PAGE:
I was reading in some Solidworks 2004 blurb that it now had the ability to
deform shapes by pulling on control points, can anyone point me to the menu
item for this please??
BTW I have looked in the help file under 'deform' maybe this is not the
From what I've read from others who should know, the Deform function
isn't worth fooling with. It's apparently just that bad, and like
PhotoWorks2 never should have been released. Of course, your mileage
Mark 'Sporky' Stapleton
Phil Evans wrote:
Prepare to be disappointed. It (most likely) does not work the way that you
want it to work.
I would be very interested to hear a success story from anybody that has
used the deform feature and got exactly what they needed. I've asked around
and have not heard any success stories, except maybe making some props for
renderings that will never bear the scrutiny of manufacture. This is nit
meant to be a slam - I'm just curious what application it actually has.
Like everything else, it has potential. (add subscription $ here)
Getting good results from Deform is painful, imho.
It becomes a whole other task in how you setup up your curves (edge,
intersection and face curves or points) and hold curves as well as the
different shape options (tweaks).
This is SW Corps (marketing) attempt at GSM (Globe Shape Modeling) but
it does not address the real what/need,.. to directly interact with the
surface topology (with history). It needs to be more fluid.
I freak out on this new stuff because looking at the past and current
issues with SW surface inconsistencies... the chances are my models,
which use deform, will fail in a later sp or release. (beta testing
It is not a NURB type of functionality. It is trying to be an ID tool.
Depending on what you are trying to achieve you can get a much better
deform function using suface fill or do a loft and add a section
post-loft. If you edit the loft section when you first create it, you
get a close proxmity of real time surface deformation. Hopes this
SW is definitely not on the right track with free-form modeling. They
can't be serious about organic modeling until they fix fundamental
issues with curvature continuity control, especially w.r.t. splines.
I don't think SW wants to expose its users to the "innards" of surface
modeling. They want neatly packaged, (relatively) easy to use
features so as not to confuse underschooled users. They have not been
successful at making these features useful.
I haven't used it or seen it used on real product data yet. I've fooled
with it and made some examples, but I'm having difficulty seeing a
practical application. In fact, I'm having some difficulty imagining
where I would want to use the concept, assuming that the tool would do
what you imagined it should do.
It seems another step down the dome-shape-deform path that gets
decreasingly useful and increasingly complex. I do use dome and shape
every time I make a pimple-shaped feature. I know some users who
affectionately refer to the "shape" tool as the "tit wizard". Makes
more sense if you look at the toolbar icon, I guess, and the shapes that
you inevitably wind up with when just messing with it.
The dome-shape-deform philosophy seems to take for granted that SW users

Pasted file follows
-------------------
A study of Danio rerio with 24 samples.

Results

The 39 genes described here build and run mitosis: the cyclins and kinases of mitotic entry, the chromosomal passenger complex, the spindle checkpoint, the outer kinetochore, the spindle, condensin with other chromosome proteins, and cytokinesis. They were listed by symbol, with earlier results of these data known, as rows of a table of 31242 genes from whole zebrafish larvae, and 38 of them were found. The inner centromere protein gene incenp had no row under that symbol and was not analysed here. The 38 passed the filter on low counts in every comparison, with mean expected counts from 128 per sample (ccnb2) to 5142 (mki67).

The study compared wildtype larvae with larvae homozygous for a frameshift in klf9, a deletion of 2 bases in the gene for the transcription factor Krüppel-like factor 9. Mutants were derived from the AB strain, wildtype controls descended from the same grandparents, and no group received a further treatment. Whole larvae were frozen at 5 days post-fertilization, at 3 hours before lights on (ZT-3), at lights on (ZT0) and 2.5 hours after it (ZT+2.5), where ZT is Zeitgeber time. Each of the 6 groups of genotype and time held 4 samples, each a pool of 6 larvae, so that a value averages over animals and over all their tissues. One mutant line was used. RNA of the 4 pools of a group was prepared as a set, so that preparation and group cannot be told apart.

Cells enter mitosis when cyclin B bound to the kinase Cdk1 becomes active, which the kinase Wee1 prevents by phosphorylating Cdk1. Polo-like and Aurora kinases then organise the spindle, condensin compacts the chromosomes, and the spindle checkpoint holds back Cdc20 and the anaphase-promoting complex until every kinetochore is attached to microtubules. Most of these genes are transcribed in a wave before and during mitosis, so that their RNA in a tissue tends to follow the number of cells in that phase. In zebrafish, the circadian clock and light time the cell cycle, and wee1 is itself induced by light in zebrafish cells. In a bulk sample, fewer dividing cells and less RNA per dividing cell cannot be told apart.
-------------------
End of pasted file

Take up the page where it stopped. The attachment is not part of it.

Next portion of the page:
can't make complex shapes and need to have some interface to get in your
way just to prove it. That's one of the things I really like about
ShapeWorks - it really doesn't have much of an interface, and it allows
you to directly maniplulate the surfaces, although it's not very
parametric or associative.
The deform tool also seems to assume that you don't model what you need,
you model something else and then hope this random shape generator will
make it look like you can model complex shapes. That's a little unfair,
I guess. I just wanted to use the phrase "random shape generator" in a
sentence. I have no idea why that term comes to mind when talking about
the deform tool...
It does allow you to take an edge and deform it to another edge or
curve. It won't go to a projected curve, but I found that if the
projected curve is converted into a 3D sketch, it will use that for the
target curve. I was able to get somewhat controlled shapes out of the
curve to curve deform, and only pimple-breast-phallus type shapes out of
the point deform.
It's at least conceivable that you could do something useful with it.
Maybe we should sponsor a contest for the first person to get a design
into production using the deform feature. I'd be interested to see some
practical applications other than sales demos where think3 is the
Hmm. Could we trade in the deform, mold tools and 2D emulator for a
ruled surface that really works?
"Edward T Eaton" wrote in
I haven't actually tried this yet, but I was thinking that it might be
useful for modeling parts that are deformed in their assembled position,
like snaps and sheet metal springs.
Tripod Data Systems
There you go! I think those are excellent suggestions. Basically,
anything that flexes in real life can probably benefit from that
Hmmm, maybe I could use it to animate a mud-flap with one
of those chrome chicks on em, flapping around... or maybe not.
Another example would be o-rings.
In mold design we often use o-rings as static seals between mold plates. In
assembly they are `squeezed'. It amuses me no end that some of the folks
supplying libraries for mold design offer o-rings for our use, but with no
allowance for showing them in the `used state'.
I haven't tried this yet, but perhaps a configuration of the o-rings in the
compressed state could be accomplished with the deform tool.